Amazon CEO Jeff Bezos has released his 2020 Shareholder Letter, and about a quarter of the way into the 4,000-word missive, he signaled an important shift in Amazon’s strategic focus:


“We have always wanted to be Earth’s Most Customer-Centric Company.  We won’t change that.  It’s what got us here.  But I am committing us to an addition.  We are going to be Earth’s Best Employer and Earth’s Safest Place to Work.”

(Excerpt from Jeff Bezos’ 2020 Letter to Amazon Shareholders)


Amazon is a perennial leader in consumer experience rankings – a position that’s been earned, in part, through a relentless focus on making everything effortless for customers (dating way back to the company’s patented 1-Click purchase button).  As The Atlantic writer Franklin Foer put it in a 2019 feature about Bezos, “Amazon is the embodiment of competence, the rare institution that routinely works.”

But Amazon’s brand image is a complicated one, as the company serves many different constituencies – not just individual consumers, but also institutions (via its Amazon Web Services division), third-party sellers (who list their products for sale on Amazon) and, of course, the company’s own employees.  And for at least some members of those other constituencies, there are blemishes on the Amazon brand.


In his letter, Bezos addresses both of those constituencies, highlighting what he sees as the value they derive from Amazon.  It is perhaps a tacit acknowledgment that these groups’ criticism does, at the very least, create a perception problem for the company.

It was to the employee audience, however, that Bezos dedicated an entire section of his letter – largely a defense of Amazon’s employment practices, but also, as evidenced by the quote above, a clarion call for the company to better distinguish itself in the workplace (among employees), just as it has done in the marketplace (among consumers).

Bezos’ laser focus on becoming the planet’s most customer-centric-company is the stuff of legend.  To add a parallel, employee-centric component into the mix is a significant development.  Bezos even tries to preempt shareholder criticism in the letter, asserting that the company can realistically outperform on both the customer experience and employee experience dimensions.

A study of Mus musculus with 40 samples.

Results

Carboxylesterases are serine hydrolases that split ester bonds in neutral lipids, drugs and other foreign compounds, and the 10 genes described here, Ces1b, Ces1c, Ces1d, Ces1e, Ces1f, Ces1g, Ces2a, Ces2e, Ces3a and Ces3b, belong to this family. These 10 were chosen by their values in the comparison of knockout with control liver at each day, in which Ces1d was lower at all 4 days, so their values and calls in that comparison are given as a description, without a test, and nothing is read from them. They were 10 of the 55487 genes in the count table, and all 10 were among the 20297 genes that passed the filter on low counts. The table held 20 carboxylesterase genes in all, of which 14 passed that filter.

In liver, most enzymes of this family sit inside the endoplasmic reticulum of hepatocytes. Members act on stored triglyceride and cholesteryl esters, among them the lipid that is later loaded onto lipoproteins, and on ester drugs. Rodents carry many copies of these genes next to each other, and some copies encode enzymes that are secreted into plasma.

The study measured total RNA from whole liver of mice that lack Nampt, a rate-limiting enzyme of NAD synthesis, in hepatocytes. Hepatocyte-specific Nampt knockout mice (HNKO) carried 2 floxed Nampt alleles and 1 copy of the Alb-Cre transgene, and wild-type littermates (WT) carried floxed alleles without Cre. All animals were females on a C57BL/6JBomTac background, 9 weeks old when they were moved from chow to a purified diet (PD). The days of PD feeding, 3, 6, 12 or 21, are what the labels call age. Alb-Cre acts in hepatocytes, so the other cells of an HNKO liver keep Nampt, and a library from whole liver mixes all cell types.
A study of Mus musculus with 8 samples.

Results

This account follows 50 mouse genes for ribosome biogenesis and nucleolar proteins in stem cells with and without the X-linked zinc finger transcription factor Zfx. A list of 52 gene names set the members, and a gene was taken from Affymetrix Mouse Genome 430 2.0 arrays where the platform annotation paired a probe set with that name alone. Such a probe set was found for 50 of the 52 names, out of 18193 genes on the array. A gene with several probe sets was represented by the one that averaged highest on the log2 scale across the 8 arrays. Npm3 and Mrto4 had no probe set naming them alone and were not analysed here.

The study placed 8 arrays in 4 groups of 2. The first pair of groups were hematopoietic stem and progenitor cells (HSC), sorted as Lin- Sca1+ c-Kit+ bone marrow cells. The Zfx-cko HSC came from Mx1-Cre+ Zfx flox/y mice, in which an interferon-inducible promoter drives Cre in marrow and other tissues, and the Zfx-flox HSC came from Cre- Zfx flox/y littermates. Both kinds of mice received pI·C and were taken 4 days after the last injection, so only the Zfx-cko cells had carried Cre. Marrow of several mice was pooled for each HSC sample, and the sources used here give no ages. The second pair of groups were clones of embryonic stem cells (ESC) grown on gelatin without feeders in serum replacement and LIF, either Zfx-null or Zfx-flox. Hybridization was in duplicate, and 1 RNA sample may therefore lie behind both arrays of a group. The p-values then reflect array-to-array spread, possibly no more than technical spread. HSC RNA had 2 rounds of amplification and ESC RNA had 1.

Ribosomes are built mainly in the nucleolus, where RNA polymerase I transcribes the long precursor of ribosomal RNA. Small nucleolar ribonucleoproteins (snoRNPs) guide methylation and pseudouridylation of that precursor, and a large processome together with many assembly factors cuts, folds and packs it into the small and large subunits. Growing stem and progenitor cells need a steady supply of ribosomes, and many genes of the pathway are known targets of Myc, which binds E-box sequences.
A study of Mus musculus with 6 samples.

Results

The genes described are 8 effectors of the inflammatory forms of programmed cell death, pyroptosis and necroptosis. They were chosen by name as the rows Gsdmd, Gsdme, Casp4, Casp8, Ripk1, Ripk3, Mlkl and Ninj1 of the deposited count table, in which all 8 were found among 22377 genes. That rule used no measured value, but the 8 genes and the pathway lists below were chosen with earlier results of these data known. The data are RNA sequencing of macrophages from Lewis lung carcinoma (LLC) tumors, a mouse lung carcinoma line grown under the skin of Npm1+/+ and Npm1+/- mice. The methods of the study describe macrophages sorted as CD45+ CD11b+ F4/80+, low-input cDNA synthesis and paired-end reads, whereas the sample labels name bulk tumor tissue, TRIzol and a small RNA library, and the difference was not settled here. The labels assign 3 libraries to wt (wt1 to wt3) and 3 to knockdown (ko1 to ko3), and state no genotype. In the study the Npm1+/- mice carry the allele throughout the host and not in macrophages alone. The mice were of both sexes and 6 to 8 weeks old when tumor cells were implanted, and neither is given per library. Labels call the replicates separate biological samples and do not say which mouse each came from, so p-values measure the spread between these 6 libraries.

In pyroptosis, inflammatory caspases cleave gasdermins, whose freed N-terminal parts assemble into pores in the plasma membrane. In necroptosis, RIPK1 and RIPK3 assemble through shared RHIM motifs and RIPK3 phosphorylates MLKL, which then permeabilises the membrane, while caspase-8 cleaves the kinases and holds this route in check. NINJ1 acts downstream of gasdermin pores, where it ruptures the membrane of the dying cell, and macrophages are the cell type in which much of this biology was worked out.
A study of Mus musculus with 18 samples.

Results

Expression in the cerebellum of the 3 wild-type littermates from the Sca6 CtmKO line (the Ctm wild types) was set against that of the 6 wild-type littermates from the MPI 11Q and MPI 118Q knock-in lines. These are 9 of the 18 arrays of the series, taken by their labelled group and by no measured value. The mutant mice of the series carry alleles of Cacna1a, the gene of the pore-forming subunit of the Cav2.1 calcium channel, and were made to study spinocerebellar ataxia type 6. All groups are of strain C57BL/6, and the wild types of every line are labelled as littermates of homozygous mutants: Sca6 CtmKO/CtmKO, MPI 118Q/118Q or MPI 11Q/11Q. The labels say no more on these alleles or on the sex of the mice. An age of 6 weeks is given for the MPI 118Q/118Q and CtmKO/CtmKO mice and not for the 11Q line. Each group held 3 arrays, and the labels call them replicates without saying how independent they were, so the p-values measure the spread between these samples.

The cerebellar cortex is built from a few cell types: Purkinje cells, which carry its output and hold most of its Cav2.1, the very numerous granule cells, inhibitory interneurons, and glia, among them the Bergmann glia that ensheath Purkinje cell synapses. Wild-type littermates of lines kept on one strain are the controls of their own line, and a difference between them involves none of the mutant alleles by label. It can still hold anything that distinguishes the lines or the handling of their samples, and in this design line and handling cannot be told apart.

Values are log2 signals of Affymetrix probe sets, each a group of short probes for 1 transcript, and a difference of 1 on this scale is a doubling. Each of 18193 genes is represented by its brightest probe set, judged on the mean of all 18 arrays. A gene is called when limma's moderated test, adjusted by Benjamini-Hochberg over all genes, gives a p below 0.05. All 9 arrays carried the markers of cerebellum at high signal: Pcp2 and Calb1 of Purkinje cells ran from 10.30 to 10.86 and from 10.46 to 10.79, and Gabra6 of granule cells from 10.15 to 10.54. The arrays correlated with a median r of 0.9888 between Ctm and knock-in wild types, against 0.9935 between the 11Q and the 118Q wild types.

Critics will surely frame Bezos’ comments as nothing more than good annual report copy – a public relations stunt, rather than an operations strategy.  That might be.

However, it’s also possible that Bezos honestly recognizes this as a key challenge for the company.  After all, the customer and employee experiences are two sides of the same coin.  Happy, loyal employees help create happy, loyal customers, who in turn help create even more happy, loyal employees.  The value of that virtuous cycle, in driving sustainable competitive advantage, cannot be overstated.

It’s hard to imagine a company being able to deliver a consistently exceptional customer experience without having employees who are engaged, inspired and equipped to make that happen. 

Despised employers might be able to perform well for a period of time, perhaps due to unusual market and/or competitive conditions, but it’s not a sustainable formula.  If your employees are miserable, it’s going to catch up with you, in the form of lower productivity, higher absenteeism, and increased turnover – all of which degrades the quality of the customer experience, and eventually makes customers miserable, too.

Bezos even acknowledges this in his own words, writing in the Shareholder letter:  “Your goal should be to create value for everyone you interact with.  Any business that doesn’t create value for those it touches, even if it appears successful on the surface, isn’t long for this world. It’s on the way out.”

Bezos is a shrewd businessman, and it will be interesting to see if and how Amazon executes on his new employee-centric mission.  At the very least, however, it’s clear that one of the world’s most successful CEOs is thinking as much about employee experience as he is about customer experience — and that’s a lead everyone should follow.


Jon Picoult’s new book, From Impressed To Obsessed, will be published in October 2021. Sign up here for pre-order updates, as well as to get Jon’s monthly Customer Experience & Leadership eNewsletter delivered right to your inbox.